NATIONAL JAPANESE AMERICAN CITIZENS LEAGUE


© 2019 JACL Convention


Thursday, August 1st

Plenary

“Where Are the Youth?”: Investing in Youth Leadership & Membership

Plenary Hosted by National Youth/Student Council 

Panelists: Lisa Doi, Justin Kawaguchi, Mieko Kuramoto, and Devon Matsumoto

 

Fostering healthy youth leadership and membership is a powerful way to not only combat the JACL’s declining membership but also ensure the organization’s evolution, both in numbers and in mission. Yet, recruiting and retaining youth membership can be difficult, particularly without a critical mass of engaged youth members.

 

This panel will feature leaders of chapter or regionally based youth groups to discuss experiences with retaining a critical youth membership mass and building a strong leadership pipeline.  This session explores youth recruitment strategies that focus on involving youth leaders in the decision-making process and providing them with the resources they need.

Friday, August 2nd

Plenary

The JACS Consortium: A Model for Japanese American Community Advocacy

Panelists: Secretary Norman Mineta, Mia Russell, Larry Oda, Shirley Ann Higuchi

 

The JACS Consortium was created in the spring of 2018 with the establishment of the consortium's Leadership Council. The consortium quickly coalesced around defending funding for the JACS program and found success with the expansion of Congressional support for the program to unprecedented numbers and engendering bipartisan support which had not existed since the original creation of the program. Representatives from the Leadership Council, Secretary Norman Mineta, Board of Trustees chair for the Japanese American National Museum, Mia Russell, executive director of Friends of Minidoka, Larry Oda, president of the National Japanese American Memorial Foundation, and Shirley Ann Higuchi, chair of the Heart Mountain Wyoming Foundation will discuss the formation of the consortium, its successes, challenges, and vision for the future on this panel discussion moderated by David Inoue.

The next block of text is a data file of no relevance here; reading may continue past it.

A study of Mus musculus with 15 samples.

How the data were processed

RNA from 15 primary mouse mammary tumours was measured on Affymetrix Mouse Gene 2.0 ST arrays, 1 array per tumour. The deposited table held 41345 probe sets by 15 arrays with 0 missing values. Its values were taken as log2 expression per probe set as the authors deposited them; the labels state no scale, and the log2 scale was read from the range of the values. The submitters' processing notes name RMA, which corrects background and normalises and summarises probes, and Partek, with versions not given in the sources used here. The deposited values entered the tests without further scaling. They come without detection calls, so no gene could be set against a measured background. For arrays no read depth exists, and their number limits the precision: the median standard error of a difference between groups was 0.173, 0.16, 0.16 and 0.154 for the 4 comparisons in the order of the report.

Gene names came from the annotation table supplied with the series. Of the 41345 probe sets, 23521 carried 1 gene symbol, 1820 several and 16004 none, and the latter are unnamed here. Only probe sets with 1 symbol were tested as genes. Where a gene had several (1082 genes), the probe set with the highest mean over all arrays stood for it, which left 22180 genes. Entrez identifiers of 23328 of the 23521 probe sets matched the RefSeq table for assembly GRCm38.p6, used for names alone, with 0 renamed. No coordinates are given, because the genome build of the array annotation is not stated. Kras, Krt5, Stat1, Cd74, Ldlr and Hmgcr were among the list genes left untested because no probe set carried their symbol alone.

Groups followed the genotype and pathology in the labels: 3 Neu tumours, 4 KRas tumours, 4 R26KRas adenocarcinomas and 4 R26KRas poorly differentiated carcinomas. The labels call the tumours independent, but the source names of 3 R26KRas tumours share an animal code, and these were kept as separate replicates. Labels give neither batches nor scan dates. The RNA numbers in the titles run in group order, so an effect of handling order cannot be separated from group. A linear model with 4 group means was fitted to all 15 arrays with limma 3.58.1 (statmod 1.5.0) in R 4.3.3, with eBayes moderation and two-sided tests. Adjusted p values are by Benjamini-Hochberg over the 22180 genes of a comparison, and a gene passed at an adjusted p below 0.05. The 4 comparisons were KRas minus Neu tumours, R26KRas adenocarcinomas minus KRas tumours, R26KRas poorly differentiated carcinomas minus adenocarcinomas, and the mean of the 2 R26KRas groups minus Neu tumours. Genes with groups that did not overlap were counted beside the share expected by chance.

Luncheon 
Luncheon 

Legacy Awards Luncheon

This year’s luncheon will highlight the 2019 Legacy Grant Presentation followed by an intimate conversation moderated by Sean Miura featuring Secretary Norman Mineta and Satsuki Ina. 

 

This fireside chat will explore the contemporary relevance of how these individuals utilize their own personal stories in the continued fight for social justice.

Panel 

The Early Redress Years: 1977 - 1984 

Panelist: Carole Hayashino, Ron Ikejiri, Frank Sato, Floyd Shimomura, John Tateishi and Ron Wakabayashi

 

How do you organize a “grassroots” movement? This panel will consist of key National JACL officers and staff who, during 1977-1984, helped develop the successful campaign for monetary redress for Japanese Americans incarcerated during World War II. It will cover the historic 1978 Salt Lake Resolution, the creation, and impact of the federal redress commission, and the early efforts to influence President Reagan in Washington, D.C. (Jack Svahn meeting) and in Tokyo (P.M. Nakasone meeting). This panel will also share their lessons and insights for future action.

Saturday, August 3rd

Plenary 

The State of Asian America

Panelists: Christine Chen, Rita Pin-Ahrens, Thu Quach

 

Leaders from the AAPI community will discuss key issues affecting Asian Americans today and how you can mobilize your chapters to take action. Topics to be covered include health care access, immigration, affirmative action, racial profiling, media diversity, the 2020 census, and what this will mean for the 2020 elections. 

Training - Ballroom C, 1:00PM-5:00PM
Census Training: Norman Y. Mineta Leadership Institute

Speaker: Christine Chen

This workshop will equip attendees with the skills and tools to become trusted messengers and empower them to do Census mobilization in their communities. Designed as a train-the-trainer model, we will provide an introduction to Census, examine frequently asked questions and scenarios about the Census, frame our messaging on the importance of being counted and address privacy concerns, and create your own Get Out The Count plan. Participants will also share best practices on how to get your personal networks involved.